GUATEMALA CITY — Secretary of State George P. Shultz said Tuesday that he has found a growing level of support among the members of the Organization of American States for U.S. efforts to overturn the leftist Sandinista government in Nicaragua.
"Nobody has a good word to say for Nicaragua any more," Shultz said, after private talks with leaders attending the general assembly of the OAS.
In contrast to the near unanimity he claimed to have found among the delegates, Shultz was barraged with critical questions from Latin American journalists during a press conference on the lawn of the U.S. ambassador's residence here.
"I have no doubt at all that there would be a general sigh of relief if we saw a shift to a pluralistic democracy in Nicaragua and an end to the effort to subvert its neighbors," he said. He ruled out direct U.S. military intervention in Nicaragua. He said flatly: "There won't be any."
Shultz did not directly mention U.S. support for the contras --the rebels who have begun to receive $100 million in aid from the United States--but he said: "We cannot give lip service to democracy when it is convenient and costless, but turn our backs on it when there are costs or risks."
Central America Luncheon
In addition to his talks with all OAS representatives, Shultz conferred with the foreign ministers of Guatemala, Honduras, El Salvador and Costa Rica at a private luncheon before the press conference. Nicaragua was the only Central American nation excluded from that meeting.
Earlier, in his speech to the OAS assembly, Shultz warned that Central America will never achieve peace or stability until there is an end to Soviet Bloc influence in Nicaragua.
"Foreign intervention in the form of alien ideologies and foreign cadres--from Cuba, the Soviet Union, East Germany, North Korea, even Vietnam and Libya--is at this moment promoting instability and violence in Central America," he said. "The only road to peace and stability is to eliminate that alien threat."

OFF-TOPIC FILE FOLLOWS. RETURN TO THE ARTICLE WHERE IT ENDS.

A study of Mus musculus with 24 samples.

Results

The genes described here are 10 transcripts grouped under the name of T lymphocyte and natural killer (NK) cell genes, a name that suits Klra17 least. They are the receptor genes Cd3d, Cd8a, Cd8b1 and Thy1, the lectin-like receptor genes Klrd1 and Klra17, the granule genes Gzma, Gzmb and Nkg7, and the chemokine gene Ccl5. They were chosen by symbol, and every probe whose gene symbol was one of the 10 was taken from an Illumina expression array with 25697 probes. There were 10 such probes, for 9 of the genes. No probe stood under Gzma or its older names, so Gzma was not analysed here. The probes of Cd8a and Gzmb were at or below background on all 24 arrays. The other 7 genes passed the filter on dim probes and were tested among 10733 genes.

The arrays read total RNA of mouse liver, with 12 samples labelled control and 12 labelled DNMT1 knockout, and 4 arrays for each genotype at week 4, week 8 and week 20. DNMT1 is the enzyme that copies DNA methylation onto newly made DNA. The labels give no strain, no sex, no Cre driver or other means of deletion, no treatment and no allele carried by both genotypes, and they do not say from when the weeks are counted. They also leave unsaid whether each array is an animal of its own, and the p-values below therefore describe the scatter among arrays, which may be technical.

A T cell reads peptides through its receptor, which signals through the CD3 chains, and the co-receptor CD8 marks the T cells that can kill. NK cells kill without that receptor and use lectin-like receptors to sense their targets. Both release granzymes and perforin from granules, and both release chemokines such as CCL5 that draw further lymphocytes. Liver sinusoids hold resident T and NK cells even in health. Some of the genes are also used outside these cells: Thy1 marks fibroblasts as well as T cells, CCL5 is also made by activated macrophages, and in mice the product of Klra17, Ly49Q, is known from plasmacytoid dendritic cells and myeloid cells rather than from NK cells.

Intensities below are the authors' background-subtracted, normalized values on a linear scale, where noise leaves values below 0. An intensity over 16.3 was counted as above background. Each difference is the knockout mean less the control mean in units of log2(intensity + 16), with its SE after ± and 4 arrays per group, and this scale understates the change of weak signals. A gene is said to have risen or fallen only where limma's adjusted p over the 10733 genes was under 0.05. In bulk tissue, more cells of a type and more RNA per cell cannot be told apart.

Shultz bluntly told Latin American leaders that the region will be an East-West battleground as long as the Nicaraguan government maintains its close ties with Moscow. He made it clear that Washington was unwilling to share its position as the predominant power in the region.
Blames Communist Bloc
"Does anyone really think the United States wants to turn Central America into a vortex of East-West turmoil?" he said. "The United States provided aid to help Nicaragua rebuild after the fall of (former dictator Anastasio) Somoza in 1979, but what did the Nicaraguan Communists do? They sought arms from the Soviet Bloc and used them to deny the Nicaraguan people their right of self-determination.
"It is impossible to imagine peace and stability returning to the region until this massive growth in armaments is constrained and, ultimately, eliminated," he said.
"Failure to confront this threat will only guarantee that the region will be increasingly drawn into great-power rivalries," he added.
Although Shultz told reporters Monday that the United States continues to support the efforts of the Contadora Group--Mexico, Panama, Venezuela and Colombia--to mediate a Central American peace settlement, he showed little enthusiasm for the process in his speech.
"Unfortunately, nearly four years of effort by the Contadora countries and, more recently, by the Contadora support group, have not produced a workable agreement," he said.